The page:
Metals Weekly Round-Up: Fed Moves Gold, Base Metals Mixed

- April 10th, 2020

News that the US Federal Reserve plans to earmark US$2.3 trillion in small business loans drove the metal higher overnight.

The price of gold edged closer to US$1,700 an ounce on Thursday (April 9) as investors looked for safe havens amid the global economic contraction.

News that the US Federal Reserve plans to earmark US$2.3 trillion in small business loans drove the metal higher overnight, with gold climbing from US$1,646 to US$1,691 on Thursday morning.

Silver and platinum also benefited from the central bank’s stimulus announcement.


Gold has surged since the beginning of April after spending March steadily slipping slower. On April 2, the metal was trading for US$1,611, but rocketed up by as much as US$80 when it broke US$1,691.

More safe haven demand is likely to benefit the currency metal in the coming weeks as job losses in the US and Canada continue to rise.

Gold was trading for US$1,685.78 as of 12:08 p.m. EDT on Thursday.

Silver also recorded gains this week, reversing a steady month of losses in March. The white metal started the five day period at US$14.67 an ounce and topped US$15.37 on Thursday morning.

Similar to gold, weak economic data and COVID-19 uncertainty have whetted investors’ appetites for safe asset class equities.

As of 12:09 p.m. EDT on Thursday, an ounce of silver was selling for US$15.29.

South Africa’s lockdown was the likely cause behind platinum’s strength this week. On Thursday, the African mining nation finished its second week of a three week country-wide shutdown.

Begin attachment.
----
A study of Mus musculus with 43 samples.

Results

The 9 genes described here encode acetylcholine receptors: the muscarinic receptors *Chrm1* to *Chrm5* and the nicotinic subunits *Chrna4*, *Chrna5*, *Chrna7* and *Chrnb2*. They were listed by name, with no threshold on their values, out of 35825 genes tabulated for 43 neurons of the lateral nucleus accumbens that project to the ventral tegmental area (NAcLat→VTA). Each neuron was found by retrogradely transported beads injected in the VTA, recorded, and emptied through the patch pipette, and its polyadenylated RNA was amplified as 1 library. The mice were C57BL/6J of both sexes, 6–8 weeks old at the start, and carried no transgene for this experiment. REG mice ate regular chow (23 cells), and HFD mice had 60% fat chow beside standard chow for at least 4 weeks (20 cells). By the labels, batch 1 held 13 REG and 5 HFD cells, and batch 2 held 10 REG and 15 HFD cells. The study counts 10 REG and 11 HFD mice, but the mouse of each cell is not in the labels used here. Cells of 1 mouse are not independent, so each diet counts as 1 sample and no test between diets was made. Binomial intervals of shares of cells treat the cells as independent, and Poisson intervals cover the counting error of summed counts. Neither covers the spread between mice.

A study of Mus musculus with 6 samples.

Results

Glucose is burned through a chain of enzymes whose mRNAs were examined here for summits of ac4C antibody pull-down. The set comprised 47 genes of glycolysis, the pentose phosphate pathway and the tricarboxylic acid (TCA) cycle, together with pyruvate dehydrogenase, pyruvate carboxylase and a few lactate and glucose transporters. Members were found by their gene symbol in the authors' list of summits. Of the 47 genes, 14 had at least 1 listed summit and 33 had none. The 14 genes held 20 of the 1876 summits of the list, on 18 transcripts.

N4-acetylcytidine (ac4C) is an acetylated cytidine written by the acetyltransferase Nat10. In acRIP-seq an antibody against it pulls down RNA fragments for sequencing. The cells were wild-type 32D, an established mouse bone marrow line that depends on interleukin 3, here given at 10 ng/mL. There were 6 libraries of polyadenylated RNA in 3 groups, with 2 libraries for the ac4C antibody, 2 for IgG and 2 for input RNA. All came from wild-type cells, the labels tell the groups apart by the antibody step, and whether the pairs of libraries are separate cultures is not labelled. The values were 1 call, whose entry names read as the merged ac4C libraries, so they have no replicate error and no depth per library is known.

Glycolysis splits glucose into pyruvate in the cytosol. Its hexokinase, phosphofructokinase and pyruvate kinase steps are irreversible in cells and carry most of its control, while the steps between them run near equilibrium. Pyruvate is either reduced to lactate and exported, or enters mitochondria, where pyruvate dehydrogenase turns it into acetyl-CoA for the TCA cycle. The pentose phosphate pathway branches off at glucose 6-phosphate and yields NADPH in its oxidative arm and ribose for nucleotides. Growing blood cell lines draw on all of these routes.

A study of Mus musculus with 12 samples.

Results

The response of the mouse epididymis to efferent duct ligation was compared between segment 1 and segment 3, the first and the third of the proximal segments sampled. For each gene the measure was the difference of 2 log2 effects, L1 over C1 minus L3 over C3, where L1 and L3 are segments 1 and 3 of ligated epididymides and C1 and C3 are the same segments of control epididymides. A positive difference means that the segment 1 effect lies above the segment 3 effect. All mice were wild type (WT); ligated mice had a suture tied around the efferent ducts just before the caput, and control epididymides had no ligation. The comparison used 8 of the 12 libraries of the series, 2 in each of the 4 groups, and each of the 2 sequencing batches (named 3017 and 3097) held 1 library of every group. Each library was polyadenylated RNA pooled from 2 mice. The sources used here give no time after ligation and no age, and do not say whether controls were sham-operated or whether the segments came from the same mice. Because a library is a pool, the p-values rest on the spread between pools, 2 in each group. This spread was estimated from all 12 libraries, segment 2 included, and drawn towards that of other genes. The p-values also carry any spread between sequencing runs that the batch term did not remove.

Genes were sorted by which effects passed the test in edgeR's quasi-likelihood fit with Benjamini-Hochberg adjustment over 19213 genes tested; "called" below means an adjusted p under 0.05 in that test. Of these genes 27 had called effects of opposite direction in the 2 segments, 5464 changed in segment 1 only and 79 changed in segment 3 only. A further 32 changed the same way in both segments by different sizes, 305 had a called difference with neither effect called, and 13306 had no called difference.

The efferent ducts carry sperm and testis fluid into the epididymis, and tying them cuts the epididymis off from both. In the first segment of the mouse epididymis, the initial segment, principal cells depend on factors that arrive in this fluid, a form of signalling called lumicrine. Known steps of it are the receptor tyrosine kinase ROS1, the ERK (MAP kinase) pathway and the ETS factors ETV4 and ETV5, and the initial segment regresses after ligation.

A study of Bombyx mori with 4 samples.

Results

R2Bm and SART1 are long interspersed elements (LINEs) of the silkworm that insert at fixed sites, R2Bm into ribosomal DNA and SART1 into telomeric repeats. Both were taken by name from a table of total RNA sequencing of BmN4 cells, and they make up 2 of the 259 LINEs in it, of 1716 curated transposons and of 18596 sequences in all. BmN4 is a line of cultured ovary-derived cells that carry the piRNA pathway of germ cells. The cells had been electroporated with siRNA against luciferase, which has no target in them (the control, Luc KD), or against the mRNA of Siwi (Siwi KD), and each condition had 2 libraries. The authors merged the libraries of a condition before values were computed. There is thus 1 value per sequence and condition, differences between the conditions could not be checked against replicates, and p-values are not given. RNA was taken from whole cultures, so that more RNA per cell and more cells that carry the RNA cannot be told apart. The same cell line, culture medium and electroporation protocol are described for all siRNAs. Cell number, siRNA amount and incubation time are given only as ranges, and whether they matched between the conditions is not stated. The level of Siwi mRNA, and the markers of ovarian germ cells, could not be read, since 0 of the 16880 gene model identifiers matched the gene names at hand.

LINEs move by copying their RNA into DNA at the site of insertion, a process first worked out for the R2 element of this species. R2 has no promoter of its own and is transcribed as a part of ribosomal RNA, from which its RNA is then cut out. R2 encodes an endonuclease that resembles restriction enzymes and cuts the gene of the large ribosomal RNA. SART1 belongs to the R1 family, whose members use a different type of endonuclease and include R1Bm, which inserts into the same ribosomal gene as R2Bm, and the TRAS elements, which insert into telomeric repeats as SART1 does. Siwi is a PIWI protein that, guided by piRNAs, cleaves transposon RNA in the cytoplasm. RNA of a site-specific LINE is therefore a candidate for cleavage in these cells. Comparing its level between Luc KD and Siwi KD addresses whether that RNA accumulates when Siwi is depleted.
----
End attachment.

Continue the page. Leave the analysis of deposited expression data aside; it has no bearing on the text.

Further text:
Platinum also spent March trending lower, but has been able to move higher since early April.

The metal started the week selling for US$733 an ounce and climbed as high as US$748, but was unable to break that threshold on Thursday. It was priced at US$746 as of 12:17 p.m. EDT.

Palladium had a volatile week, falling as low as US$2,025 an ounce and edging as high as US$2,068 on Tuesday (April 7).

While mine closures and smelter reductions in South Africa have benefited its sister metal, palladium didn’t see the same broad gains this period, remaining rangebound at US$2,050.

At 12:23 p.m. EDT on Thursday, palladium was exhibiting strength and trading for US$2,075.

The base metals sector continued to bear the brunt of COVID-19 supply disruptions and shrinking industrial demand this week.

Copper started the session with momentum, selling for US$4,867 a tonne. By Tuesday, the metal had ticked up above US$5,000 to trade for US$5,067.50.

The progress was short-lived when the price fell back below the US$5,000 mark.

The red metal could see growth in coming weeks as supply fundamentals become precarious due to South American coronavirus closures.

“The picture is changing very quickly, and numerous major operations are reducing workforces, delaying construction or ramp-up activities, and a fair amount of smaller operations have been placed on care and maintenance,” Ryan Cochrane of Open Mineral told the Investing News Network.

He continued, “The disruptions are expected to last at least a month, but will probably extend longer, which will have a major effect on supply in 2020.”

At 12:30 p.m. EDT on Thursday, copper was changing hands for US$4,976.

Nickel, which tumbled in mid-March, saw positive movement this week, gaining US$263 from Monday (April 6) to Thursday. As of 12:39 p.m. EDT on Thursday, nickel was priced at US$11,425 a tonne.

Similar to nickel, lead made gains this week as the extent of fractured supply chains began to emerge.

On Monday, the metal was at US$1,629.50 a tonne. In less than 24 hours it had shot above US$1,692 and has held steady there since then. Lead was selling for US$1,698 as of 12:49 p.m. EDT on Thursday.

Zinc also made a significant gain this period, climbing from US$1,854.50 a tonne to US$1,932 in the course of a day. Some of those gains were lost later in the week when the metal fell to US$1,890.

Zinc was trading for US$1,890 at 12:52 p.m. EDT on Thursday.


Editorial Disclosure: The Investing News Network does not guarantee the accuracy or thoroughness of the information reported in the interviews it conducts. The opinions expressed in these interviews do not reflect the opinions of the Investing News Network and do not constitute investment advice. All readers are encouraged to perform their own due diligence.